Once an enterprise has analyzed its mission and defined its goals, it needs a way to measure progress toward those
goals. Many things contribute to organization's success. Those that are key contributors such as Key Performance
Indicators (KPIs), also known as Key Success Indicators (KSIs) or Key Business Indicators (KBIs), are used by
businesses to define and measure progress toward their goals. In SOMA, KPIs represent quantifiable measurable
objectives, agreed to beforehand, that reflect the critical success factors of an organization.
KPIs differ depending on an industry and an organization. A sales organization may have as one of their KPIs
the percentage of its sales that comes from return customers. A Customer Service Organization may have a KPI that
measures a number of customer calls answered in under a minute. To determine if the objectives associated with a
KPI are being met, the KPI may need to be broken down into one or more metrics, which identify specific
measurements to collect for analysis (e.g. time to close an average sale deal).
The purpose of this step is to define how the Business Goal will be measured by identifying at least one
KPI and hopefully the corresponding metrics for each goal and sub-goal. If you can find a quantitative measure to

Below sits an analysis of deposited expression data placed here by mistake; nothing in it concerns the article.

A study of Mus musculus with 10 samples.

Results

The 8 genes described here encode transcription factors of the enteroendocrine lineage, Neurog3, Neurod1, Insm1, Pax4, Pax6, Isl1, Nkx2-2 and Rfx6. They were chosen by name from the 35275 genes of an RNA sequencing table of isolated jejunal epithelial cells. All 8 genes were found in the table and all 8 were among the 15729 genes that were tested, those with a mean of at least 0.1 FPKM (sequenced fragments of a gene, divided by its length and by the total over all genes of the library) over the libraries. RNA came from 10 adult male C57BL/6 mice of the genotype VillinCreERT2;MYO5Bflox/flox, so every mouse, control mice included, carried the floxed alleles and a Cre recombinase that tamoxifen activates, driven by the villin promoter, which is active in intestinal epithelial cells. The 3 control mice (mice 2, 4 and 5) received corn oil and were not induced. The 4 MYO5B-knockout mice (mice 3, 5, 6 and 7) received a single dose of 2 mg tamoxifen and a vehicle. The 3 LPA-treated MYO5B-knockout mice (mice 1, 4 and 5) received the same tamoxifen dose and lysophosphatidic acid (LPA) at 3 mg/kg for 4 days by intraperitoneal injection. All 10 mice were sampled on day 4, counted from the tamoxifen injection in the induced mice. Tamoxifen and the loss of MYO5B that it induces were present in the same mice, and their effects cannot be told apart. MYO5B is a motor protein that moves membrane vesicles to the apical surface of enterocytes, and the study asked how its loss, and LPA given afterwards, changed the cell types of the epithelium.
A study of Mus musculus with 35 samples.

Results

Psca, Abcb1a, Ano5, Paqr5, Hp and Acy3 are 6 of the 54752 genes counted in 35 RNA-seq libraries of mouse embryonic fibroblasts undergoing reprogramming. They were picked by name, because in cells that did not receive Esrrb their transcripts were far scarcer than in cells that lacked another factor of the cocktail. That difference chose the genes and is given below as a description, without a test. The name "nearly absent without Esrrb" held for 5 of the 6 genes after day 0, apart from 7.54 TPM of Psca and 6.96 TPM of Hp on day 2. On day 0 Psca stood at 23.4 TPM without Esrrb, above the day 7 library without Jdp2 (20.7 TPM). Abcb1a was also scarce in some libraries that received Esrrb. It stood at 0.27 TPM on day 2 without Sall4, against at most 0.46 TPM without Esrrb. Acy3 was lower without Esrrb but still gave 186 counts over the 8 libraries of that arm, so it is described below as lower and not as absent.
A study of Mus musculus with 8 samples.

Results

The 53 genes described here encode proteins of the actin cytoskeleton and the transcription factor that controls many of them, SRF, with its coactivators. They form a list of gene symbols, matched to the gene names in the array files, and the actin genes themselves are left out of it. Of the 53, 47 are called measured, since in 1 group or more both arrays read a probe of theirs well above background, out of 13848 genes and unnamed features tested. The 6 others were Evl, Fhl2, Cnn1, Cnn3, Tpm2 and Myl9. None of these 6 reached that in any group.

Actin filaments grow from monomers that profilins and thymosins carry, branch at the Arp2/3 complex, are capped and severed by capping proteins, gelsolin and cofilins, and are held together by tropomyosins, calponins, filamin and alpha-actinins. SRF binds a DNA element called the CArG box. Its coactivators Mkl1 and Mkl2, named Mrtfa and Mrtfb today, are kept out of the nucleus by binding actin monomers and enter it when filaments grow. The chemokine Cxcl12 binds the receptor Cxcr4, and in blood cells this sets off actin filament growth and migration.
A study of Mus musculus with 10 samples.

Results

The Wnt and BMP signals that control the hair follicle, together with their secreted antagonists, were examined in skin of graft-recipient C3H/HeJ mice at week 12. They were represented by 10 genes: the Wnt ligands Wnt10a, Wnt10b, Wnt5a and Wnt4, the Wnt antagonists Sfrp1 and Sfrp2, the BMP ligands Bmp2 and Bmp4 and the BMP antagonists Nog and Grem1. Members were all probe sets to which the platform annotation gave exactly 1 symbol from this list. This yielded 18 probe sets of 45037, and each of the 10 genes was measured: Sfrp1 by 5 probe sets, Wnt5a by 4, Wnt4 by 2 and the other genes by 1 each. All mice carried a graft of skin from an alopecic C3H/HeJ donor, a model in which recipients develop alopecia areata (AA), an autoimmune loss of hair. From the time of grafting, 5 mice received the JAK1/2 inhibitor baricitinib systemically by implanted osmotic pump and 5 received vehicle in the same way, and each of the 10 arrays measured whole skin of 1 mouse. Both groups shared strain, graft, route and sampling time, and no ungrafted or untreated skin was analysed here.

assess whether or not the business goal has been achieved, the business goal probably can be related to business
activities. KPIs will provide the business with a measure of success of meeting its goals and sub-goals. For
example, for a goal of "increase revenue", a KPI could be "increase revenue by 5% during the next fiscal year" - this
provides a specific way to determine if the goal has been met. Metrics identify the type of measurements that need to
be collected to assess the state of the KPIs. For a example KPI above, a metric could be "record the revenue from
all revenue generating transactions".
Try to quantify the expected outcome and record this in the change value and change kind properties of the business
goal. Because people often set more ambitious goals for themselves than others would, it is useful to discuss the upper
and lower boundaries with those responsible for achieving the business goal. Employees need to feel that there is
enough challenge in their work, but they also like to be able to give themselves an occasional pat on the back.
As described in the Guideline: Business Goal the relationship between Business Goals, KPIs and Metrics can be seen in the following diagram.
If the measure is qualitative or subjective, the business goal may need to be translated to more measurable, sub-goals.
In this case, the sub-goals are identified by considering how the higher-level goal will be measured. It is important
that all leaf-level goals have identified KPIs. Achievement of some or all of the sub-goals should result in
achievement of the higher-level goal. If a business goal has been assigned a date by which it should be achieved, it is
sufficiently concrete to be called an objective. When determining the timeframe within which the goal is to be
achieved, be ambitious yet realistic.